From left, A.J. Baldwin as Big Stone, Rebecca Ho as Little Stone and Amber McNew as Loud Stone in “Eurydice” at Theater at Monmouth. Photo by Kat Moraros Photography

Making their way across the parking lot toward historic Cumston Hall, audience members for a matinee performance at the Theater at Monmouth were greeted with a torrential downpour that must have, at least temporarily, caused them to forget the intense August heat that preceded it.

Coincidently, the theater was finishing up its summer repertory season titled “It’s Greek (and Roman) To Me!” with an updated version of a classic Greek myth very much concerned with themes of memory and loss, all drenched in magical waters of forgetfulness.

Playwright Sarah Ruhl’s 2003 work “Eurydice” focuses on the heroine’s side of the legend of young newlyweds Orpheus and Eurydice. Separated by the latter’s death and confounded by an enigmatic afterlife, they struggle with emotionally deep questions that mightily test them.

Eurydice is lured by a mischievous Lord of the Underworld on the promise of a possible letter the Lord has from Eurydice’s long dead and much-missed father. Soon dead herself, Eurydice takes a ride on an elevator in which it rains forgetfulness to a realm where three mysterious Stones form a sometimes ominous, sometimes hilarious, chorus warning her to avoid trying to remember her prior life.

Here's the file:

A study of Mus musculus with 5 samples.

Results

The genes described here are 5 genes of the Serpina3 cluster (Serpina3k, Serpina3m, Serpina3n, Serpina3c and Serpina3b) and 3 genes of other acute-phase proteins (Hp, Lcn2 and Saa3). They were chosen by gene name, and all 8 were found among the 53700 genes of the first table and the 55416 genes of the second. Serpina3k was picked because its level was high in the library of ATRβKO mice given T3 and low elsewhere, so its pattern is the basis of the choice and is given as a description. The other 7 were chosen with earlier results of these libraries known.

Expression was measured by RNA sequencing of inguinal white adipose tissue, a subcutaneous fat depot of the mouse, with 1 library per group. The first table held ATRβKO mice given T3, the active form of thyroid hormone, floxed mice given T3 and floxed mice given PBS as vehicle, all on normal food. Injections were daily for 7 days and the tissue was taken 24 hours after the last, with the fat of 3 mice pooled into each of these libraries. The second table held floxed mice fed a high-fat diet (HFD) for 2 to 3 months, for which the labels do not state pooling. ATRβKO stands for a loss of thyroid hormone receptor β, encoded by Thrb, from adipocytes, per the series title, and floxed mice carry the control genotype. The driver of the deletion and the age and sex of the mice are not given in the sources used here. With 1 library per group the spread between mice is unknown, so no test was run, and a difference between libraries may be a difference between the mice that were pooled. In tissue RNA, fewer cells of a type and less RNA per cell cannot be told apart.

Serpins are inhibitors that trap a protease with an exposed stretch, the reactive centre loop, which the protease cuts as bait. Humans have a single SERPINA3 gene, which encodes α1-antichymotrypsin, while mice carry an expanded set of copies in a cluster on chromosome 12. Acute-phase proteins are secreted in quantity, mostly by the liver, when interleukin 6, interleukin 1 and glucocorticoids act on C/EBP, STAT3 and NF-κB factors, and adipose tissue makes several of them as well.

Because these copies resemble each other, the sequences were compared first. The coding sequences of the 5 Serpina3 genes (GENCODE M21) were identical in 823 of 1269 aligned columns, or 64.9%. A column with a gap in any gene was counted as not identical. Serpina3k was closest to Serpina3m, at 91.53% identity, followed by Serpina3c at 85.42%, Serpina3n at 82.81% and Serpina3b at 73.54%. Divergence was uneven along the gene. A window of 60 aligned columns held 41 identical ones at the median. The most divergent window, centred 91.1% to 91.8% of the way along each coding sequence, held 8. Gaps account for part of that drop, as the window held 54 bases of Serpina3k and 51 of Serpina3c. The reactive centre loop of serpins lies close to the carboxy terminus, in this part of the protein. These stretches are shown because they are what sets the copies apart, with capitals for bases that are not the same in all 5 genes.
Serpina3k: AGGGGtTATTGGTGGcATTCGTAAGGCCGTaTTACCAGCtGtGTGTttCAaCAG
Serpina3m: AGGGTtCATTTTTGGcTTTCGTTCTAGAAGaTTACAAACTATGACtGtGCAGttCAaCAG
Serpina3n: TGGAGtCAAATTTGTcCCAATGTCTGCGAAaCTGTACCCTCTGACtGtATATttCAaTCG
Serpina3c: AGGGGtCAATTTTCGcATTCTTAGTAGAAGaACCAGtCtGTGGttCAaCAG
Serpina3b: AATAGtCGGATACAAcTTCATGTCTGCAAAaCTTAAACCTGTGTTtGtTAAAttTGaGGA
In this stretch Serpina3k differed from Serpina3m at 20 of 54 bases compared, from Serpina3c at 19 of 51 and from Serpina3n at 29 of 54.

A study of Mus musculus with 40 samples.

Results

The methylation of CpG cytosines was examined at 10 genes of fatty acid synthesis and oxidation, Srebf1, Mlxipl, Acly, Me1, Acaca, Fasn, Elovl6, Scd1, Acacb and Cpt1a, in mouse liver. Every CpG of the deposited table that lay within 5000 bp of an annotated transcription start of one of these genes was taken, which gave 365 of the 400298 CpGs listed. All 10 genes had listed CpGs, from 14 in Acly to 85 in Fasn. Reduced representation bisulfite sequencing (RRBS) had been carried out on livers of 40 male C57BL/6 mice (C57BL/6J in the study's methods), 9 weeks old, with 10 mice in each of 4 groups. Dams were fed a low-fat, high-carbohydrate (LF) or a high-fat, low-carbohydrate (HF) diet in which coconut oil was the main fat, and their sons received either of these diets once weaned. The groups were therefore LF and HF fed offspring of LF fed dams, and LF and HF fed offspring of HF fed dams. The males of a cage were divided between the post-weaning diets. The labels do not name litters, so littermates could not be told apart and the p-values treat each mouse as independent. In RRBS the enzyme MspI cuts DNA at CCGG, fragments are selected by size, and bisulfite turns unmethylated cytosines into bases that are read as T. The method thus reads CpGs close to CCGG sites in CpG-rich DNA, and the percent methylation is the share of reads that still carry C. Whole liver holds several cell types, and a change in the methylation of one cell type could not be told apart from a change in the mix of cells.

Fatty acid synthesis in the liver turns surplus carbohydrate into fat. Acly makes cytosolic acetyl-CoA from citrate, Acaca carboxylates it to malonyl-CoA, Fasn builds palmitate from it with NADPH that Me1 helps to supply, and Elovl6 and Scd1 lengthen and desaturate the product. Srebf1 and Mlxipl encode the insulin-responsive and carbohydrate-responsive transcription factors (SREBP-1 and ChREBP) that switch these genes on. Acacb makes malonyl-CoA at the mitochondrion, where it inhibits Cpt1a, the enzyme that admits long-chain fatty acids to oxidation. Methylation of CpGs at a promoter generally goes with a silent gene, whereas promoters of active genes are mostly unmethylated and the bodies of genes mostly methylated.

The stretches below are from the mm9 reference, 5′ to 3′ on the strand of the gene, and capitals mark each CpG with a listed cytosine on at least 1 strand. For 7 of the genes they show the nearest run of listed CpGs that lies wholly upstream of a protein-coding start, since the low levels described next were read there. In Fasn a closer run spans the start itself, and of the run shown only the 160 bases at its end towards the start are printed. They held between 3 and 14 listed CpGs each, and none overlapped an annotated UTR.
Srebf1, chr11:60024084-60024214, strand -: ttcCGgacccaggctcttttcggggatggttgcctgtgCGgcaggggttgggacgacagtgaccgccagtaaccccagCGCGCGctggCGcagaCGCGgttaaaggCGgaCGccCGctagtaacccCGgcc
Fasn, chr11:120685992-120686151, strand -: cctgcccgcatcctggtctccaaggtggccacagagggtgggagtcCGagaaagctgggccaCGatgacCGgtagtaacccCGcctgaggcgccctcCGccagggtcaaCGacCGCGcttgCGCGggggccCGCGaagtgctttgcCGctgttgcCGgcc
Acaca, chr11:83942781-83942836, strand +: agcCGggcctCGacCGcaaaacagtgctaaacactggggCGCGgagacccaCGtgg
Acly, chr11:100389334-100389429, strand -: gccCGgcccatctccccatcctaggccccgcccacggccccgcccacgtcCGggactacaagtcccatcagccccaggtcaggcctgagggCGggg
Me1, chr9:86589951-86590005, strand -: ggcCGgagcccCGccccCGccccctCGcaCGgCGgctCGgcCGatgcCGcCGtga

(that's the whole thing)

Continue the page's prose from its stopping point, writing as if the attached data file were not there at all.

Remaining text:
Having temporarily lost language ability and memory, Eurydice at first fails to recognize her father or retain clear memories of Orpheus. Surreal, poetic moments, often occasioned by touching letters which somehow traverse the distance between the living and the dead, give this sweet, gentle, spellbinding play its unusual charm. Questions of love and loss linger long after the final bows are taken.

The production, directed by Dawn McAndrews (with imaginative sets and costumes by Dan Bilodeau and Michelle Handley, respectively), takes its time gathering it all into an intimate, 80-minute production (without intermission) that welcomes melancholy reflection. Lightened with just enough well-placed laughs, the play mostly maintains a certain uneasy stillness about it.


Jamie Saunders is a sweet, ingenuous Eurydice, determined to puzzle out what may ultimately be beyond human understanding. Thomas Ian Campbell is the lovesick musician Orpheus who looks back too soon on an unfulfilled romance. Both performers know how to quietly pull at the heartstrings.

Michael Dix Thomas is the earnest dad whose paternal emotions seem “subversive” to the Stones’ unsentimental way of thinking. Rebecca Ho, Amber McNew and A.J. Baldwin each add comedically creepy mannerisms to those roles (becoming almost a show in themselves) while Trezure Coles, as the Lord of the Underworld, humorously steals scenes (as she did in “Lysistrata” earlier in the repertory season). Subtle lighting (SeifAllah Salotto-Cristobal) and sound (Rew Tippin) add to the dreamy tone of the play.

The hot sunlight having returned, only a few small puddles were left in the parking lot to remind audience members of their soggy arrival at the theater. Memories of this unusual play, so well done, will likely linger longer.

Steve Feeney is a freelance writer who lives in Portland.